Paris attacks: Hostage recalls thinking 'we're all going to die'

A survivor from the Paris hostage standoff last week says in an exclusive interview with CBC's Nahlah Ayed that she witnessed the gunman kill at least two of his four victims, and was certain she would be next.

Hostage's husband relieved after seeing TV footage of police carrying her to safety

Francis, right, with wife Nhung, says he realized she had survived the Paris hostage-taking after seeing her on TV being carried by a police officer away from the Hypercacher kosher supermarket. (Nahlah Ayed/CBC)

A survivor from the Paris hostage standoff is too afraid to take the Paris Métro and can't go anywhere near a store. Worse, she dreams daily of the man she saw killed right in front of her during last week's hostage-taking at a kosher supermarket.

"Every day I see this man on the ground in a pool of blood," said Nhung, who is only being identified by her first name out of concerns for her safety. The woman, who is in her 70s, gave CBC News an exclusive interview at her home in Saint Mandé, just a few hundred metres away from the supermarket where she and others were held hostage Friday.

She was one of some 20 people who spent more than four hours holed up in the market with Amedy Coulibaly, a French citizen believed to have been radicalized in prison and connected to the Charlie Hebdo attackers, both in intentions and ideology.

It's also believed he was linked to the Islamic State of Iraq and Syria (ISIS) after a video surfaced of him pledging allegiance to the extremist group.

Nhung told CBC News that Coulibaly demanded to know the religion of his hostages and where they were born. He killed four Jewish men, one of them immediately after he revealed his last name, in view of the rest of the group.

Nhung, who had never before seen a rifle up close, told the gunman she was born in Vietnam — half-Catholic and half-Buddhist.

She was certain she would be killed.

"I thought, we're all going to die," she said. "I thought I'll never see the people I love again. And for what reason?"

An officer with the French police special forces had to carry Nhung, who is in her 70s, over his shoulder after police ordered hostages to run to safety. (Thomas Samson/AFP/Getty Images)

She said Coulibaly, who was eventually shot dead by police during a day of mayhem in two parts of Paris, complained that the world seemed to care far more about a dozen Parisians killed than the many more Muslims killed elsewhere. He threatened to kill more hostages if the Charlie Hebdo gunmen — the Kouachi brothers — holed up north of Paris with one hostage were harmed.

“If I saw him in the street, I would never think he’s a terrorist,” Nhung said of Coulibaly.

Despite the circumstances, Coulibaly took a few minutes to pray. That was when Nhung got the courage to call her husband, Francis, to explain why she was late.

He had heard about the hostage-taking and concluded his wife must be inside the market. He was beside himself.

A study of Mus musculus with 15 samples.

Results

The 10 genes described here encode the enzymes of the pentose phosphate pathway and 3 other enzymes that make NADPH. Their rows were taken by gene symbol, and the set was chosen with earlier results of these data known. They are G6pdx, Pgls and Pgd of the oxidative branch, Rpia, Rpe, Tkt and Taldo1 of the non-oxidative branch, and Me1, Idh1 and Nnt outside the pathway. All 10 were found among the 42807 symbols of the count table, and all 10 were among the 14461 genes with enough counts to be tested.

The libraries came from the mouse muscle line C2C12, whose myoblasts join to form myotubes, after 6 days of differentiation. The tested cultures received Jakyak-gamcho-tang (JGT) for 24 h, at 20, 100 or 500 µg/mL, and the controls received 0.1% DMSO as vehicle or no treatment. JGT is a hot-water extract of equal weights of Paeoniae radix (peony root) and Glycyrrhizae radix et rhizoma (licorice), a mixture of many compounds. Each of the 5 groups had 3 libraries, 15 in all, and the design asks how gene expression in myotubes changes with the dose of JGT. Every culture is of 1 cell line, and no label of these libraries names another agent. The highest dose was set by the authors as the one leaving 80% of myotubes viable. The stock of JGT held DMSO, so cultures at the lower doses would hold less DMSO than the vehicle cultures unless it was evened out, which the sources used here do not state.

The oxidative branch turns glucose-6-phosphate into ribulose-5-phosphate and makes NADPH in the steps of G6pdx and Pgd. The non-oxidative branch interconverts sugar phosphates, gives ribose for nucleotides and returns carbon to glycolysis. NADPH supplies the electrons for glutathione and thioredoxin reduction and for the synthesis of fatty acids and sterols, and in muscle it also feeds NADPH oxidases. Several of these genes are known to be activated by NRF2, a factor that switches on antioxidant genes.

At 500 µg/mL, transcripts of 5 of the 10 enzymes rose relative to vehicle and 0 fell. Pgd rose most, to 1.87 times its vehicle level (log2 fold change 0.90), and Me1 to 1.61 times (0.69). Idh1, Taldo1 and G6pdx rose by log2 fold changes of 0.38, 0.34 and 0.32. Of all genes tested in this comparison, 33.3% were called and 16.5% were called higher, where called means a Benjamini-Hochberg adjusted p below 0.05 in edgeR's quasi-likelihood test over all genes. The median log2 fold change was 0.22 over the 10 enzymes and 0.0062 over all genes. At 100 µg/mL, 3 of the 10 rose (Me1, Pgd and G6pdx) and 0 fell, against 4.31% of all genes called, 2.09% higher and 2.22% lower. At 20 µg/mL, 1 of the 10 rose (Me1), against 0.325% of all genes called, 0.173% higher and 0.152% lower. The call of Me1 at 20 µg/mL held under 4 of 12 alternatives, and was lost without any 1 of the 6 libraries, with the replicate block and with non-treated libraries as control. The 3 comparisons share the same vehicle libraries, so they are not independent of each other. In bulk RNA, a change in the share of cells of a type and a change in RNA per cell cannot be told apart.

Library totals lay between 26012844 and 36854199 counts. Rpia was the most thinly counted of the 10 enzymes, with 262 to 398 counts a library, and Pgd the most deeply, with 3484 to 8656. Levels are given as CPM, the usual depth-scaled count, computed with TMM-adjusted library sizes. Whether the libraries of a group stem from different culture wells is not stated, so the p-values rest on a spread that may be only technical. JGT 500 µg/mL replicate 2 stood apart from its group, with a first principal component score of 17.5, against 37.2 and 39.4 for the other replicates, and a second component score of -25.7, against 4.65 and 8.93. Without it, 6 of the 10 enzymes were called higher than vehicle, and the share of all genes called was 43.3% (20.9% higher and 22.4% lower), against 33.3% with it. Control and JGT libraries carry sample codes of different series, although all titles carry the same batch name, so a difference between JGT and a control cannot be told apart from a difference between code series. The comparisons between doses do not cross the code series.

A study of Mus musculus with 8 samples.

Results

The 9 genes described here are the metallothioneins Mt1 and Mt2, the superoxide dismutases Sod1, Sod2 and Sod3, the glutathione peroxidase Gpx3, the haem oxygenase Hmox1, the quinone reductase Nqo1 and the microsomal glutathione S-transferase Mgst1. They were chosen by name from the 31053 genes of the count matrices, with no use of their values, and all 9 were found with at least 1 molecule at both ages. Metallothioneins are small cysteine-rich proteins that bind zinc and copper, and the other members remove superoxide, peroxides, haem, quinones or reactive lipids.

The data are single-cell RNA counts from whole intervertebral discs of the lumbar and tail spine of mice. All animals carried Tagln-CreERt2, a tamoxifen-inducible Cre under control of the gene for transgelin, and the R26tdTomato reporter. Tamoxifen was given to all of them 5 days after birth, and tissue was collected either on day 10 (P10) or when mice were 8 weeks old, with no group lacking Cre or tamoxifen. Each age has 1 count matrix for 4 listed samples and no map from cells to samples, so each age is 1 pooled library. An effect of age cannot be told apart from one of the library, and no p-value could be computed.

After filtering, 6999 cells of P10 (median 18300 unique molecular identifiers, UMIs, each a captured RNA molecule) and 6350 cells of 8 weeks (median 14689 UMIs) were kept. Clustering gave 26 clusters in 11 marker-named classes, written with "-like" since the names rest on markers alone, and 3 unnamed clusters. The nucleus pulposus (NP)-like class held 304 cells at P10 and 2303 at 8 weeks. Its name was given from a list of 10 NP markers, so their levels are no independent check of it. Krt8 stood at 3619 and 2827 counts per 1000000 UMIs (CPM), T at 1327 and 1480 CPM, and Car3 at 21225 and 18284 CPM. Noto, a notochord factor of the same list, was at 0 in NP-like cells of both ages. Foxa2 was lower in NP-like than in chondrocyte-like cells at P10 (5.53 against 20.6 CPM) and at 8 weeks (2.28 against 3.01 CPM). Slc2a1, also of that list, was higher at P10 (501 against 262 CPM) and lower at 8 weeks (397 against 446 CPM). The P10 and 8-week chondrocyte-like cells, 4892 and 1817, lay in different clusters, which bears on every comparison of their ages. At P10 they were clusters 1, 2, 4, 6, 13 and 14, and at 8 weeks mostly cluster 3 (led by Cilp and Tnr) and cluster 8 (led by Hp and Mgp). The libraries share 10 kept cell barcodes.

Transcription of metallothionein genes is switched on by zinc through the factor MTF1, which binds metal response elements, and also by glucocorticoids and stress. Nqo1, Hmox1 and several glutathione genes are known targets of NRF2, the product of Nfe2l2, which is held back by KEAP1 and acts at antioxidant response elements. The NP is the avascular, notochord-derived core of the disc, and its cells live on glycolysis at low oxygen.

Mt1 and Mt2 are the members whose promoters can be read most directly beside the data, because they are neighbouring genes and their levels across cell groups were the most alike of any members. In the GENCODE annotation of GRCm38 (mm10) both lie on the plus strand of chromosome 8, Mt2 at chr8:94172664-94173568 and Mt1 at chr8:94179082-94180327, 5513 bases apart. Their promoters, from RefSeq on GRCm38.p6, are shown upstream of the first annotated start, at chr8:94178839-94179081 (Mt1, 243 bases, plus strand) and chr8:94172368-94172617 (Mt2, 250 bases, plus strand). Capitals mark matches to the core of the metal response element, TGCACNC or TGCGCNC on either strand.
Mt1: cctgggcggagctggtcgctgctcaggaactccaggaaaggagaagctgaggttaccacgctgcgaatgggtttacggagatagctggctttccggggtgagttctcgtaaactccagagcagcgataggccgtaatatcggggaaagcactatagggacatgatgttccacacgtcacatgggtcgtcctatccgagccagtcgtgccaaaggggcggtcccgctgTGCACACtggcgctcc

There were bullets everywhere. We thought we were done for.- Paris hostage 

"I was very anxious about everything," he said. "I dressed up and went to down the avenue here to see what's happening outside. I could not see anything. Police were everywhere."

As night fell, police moved in with enough bodies and bullets to overwhelm any gunman.

"There were bullets everywhere. We thought we were done for," Nhung said. 

Among the hostages was a small boy.

Hostage-taker a 'deviance' of Muslim faith

Police ordered them all to run. But Nhung, weak with trembling legs, simply could not. A policeman lifted her up and threw her over his shoulder and ran off.

"I saw this assault [on] TV and said, 'Ah, she’s there.' And I recognized her!" her husband said. 

"I recognized her because of her coat and her face. Ah yes. She’s alive."

Nhung said that for Coulibaly, "Everything was about being Muslim." But he doesn’t represent the faith, she said.

"I have Muslim friends and I appreciate them. That's deviance. Crazies. They have chosen Islam to create something crazy.

"The lesson is really that extremist religion is fatal. It's almost like we can't believe anymore in religion if it has to be practised like that."

Nhung said she, like Paris, has irrevocably changed.

"But in my head I tell myself, I will go back to this store. Maybe not now, but sometime."

Her husband finished her thought. "Because if we don't return, he wins."

Watch Nahlah Ayed's full report Wednesday on The National at 10 p.m. ET on CBC-TV, or at 9 p.m. and 11 p.m. ET on CBC News Network.


To encourage thoughtful and respectful conversations, first and last names will appear with each submission to CBC/Radio-Canada's online communities (except in children and youth-oriented communities). Pseudonyms will no longer be permitted.

By submitting a comment, you accept that CBC has the right to reproduce and publish that comment in whole or in part, in any manner CBC chooses. Please note that CBC does not endorse the opinions expressed in comments. Comments on this story are moderated according to our Submission Guidelines. Comments are welcome while open. We reserve the right to close comments at any time.